Cavaliers VS. Hawks GAME 1 * TONIGHT, 8 P.M. * THE Q * TNT; AM/1100 History is LeBron James' opponent now, as much as the Celtics, the Magic, the Hawks or the Lakers. History is going to be tough.
That is not meant as disrespect to the Hawks, who are the Cavaliers' opponents in the next game, which finally arrives tonight. Atlanta will be a stiffer test than the Miami Heat would have been. But history has been unkind to the NBA's Most Valuable Players in this decade.
Only one regular-season MVP, Tim Duncan of San Antonio in the 2002-03 season, has led his team to the NBA title in the same year since this century's first full season. He did so by coming close to an unprecedented NBA Finals quadruple double with 20 points, 18 rebounds, 10 assists and eight blocked shots in closing out the Nets.
No MVP award has ever felt as hollow as the 2006-07 bauble that was given to Dallas' Dirk Nowitzki in mid-May, long after Golden State, which had won 42 games to Dallas' 67, ousted the Mavericks in the first round. Nowitzki, who seemed convinced the rim was toxic and the paint a minefield, took potshot 3-pointers and went 2-for-13 in the elimination game.
Duncan on one hand, Nowitzki on the other.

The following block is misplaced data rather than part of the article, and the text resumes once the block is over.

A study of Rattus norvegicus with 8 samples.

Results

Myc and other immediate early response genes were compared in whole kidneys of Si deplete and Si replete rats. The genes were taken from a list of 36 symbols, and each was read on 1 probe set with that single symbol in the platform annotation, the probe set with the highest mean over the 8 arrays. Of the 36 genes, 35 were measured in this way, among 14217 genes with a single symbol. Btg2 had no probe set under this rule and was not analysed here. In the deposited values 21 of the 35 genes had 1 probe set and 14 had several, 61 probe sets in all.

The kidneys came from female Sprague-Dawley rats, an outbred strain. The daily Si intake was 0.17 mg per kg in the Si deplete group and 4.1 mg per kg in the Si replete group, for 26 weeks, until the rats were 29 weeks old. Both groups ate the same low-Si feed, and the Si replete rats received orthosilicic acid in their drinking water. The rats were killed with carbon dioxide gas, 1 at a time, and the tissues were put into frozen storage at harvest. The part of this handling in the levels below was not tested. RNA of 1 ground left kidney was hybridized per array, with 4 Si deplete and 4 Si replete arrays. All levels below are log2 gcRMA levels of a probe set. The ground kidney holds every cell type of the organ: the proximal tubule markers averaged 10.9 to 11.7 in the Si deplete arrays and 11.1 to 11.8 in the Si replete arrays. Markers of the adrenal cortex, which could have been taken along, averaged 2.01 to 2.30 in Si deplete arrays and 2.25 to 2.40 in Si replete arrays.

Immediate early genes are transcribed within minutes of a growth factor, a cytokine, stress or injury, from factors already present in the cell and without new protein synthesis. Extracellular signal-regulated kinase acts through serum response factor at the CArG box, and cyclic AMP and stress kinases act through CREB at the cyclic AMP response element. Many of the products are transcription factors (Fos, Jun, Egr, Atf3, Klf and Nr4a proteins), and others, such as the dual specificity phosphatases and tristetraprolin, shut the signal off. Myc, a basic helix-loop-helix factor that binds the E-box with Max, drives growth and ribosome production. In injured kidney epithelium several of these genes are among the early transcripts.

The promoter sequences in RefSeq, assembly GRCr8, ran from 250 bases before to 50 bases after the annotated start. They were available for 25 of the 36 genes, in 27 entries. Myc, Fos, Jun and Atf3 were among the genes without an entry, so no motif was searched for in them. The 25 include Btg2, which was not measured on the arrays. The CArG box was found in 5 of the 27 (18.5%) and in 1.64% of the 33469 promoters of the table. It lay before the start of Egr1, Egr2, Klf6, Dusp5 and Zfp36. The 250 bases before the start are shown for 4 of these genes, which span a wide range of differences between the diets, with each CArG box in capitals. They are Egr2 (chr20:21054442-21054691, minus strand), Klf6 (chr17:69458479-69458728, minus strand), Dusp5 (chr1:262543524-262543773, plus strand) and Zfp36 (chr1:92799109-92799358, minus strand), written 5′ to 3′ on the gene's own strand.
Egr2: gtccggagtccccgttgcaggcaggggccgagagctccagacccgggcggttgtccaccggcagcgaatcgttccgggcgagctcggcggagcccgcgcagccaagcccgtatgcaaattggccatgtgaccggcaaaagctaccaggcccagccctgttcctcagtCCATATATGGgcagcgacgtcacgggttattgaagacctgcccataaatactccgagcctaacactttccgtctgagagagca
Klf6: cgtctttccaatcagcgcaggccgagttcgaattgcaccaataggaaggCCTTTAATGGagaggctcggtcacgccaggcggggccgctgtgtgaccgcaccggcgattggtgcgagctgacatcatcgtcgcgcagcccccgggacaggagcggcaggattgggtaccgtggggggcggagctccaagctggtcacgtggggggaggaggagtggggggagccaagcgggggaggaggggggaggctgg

James is the league's newly minted MVP. He is also the rare young player who can talk knowledgeably about Bill Russell, "Pistol" Pete Maravich, Magic Johnson and Julius Erving. To him, history is not something you watch on ESPN Classic. It is something you make.
The playoffs exaggerate everything because so many crucial plays are compressed into so little time. Every play can become part of the lore: Michael Jordan holding his follow-through after pushing Bryon Russell down and hitting the last shot he ever should have taken;
Dr. J's Great Leap Forward (and Also Behind The Backboard); Magic Johnson's baby hook; Larry Bird's steal. Every flaw can be remembered, too: John Starks' 2-for-18 seventh game.
And with league MVPs, so much more is expected. Duncan here, Nowitzki there.
Sports Illustrated put James on the cover in February with the title, "The Power of LeBron." He had too much vim for the SI jinx to hex him. He sure won't be Nowitzki because he can't be intimidated and is in the paint more than an artist at an easel. He is still developing, adding a jump hook, a fadeaway and a classic Brad Daugherty hook. He will need everything because the Cavs will not be favored by the national media should they face the Lakers in the finals.
Jordan really is the measure for them all. Dominant during the season, he was astounding in the playoffs. Nothing may ever top his 38 points when flu-ridden to will his team to a 90-88 victory in Game 5 of the 1997 finals against regular-season MVP Karl Malone's Utah Jazz.
Jordan won five MVPs, second to Kareem Abdul-Jabbar's six. The Bulls lost in the conference semifinals when he won it in 1987-88. In his other MVP seasons (1990-91, 1991-92, 1995-96, 1997-98, they were champions. Jordan outplayed Charles Barkley and Malone in their MVP years in the finals.
In Basketball, the best players can exert more influence than in other sports. They are expected to win the biggest games. James resumes the quest tonight.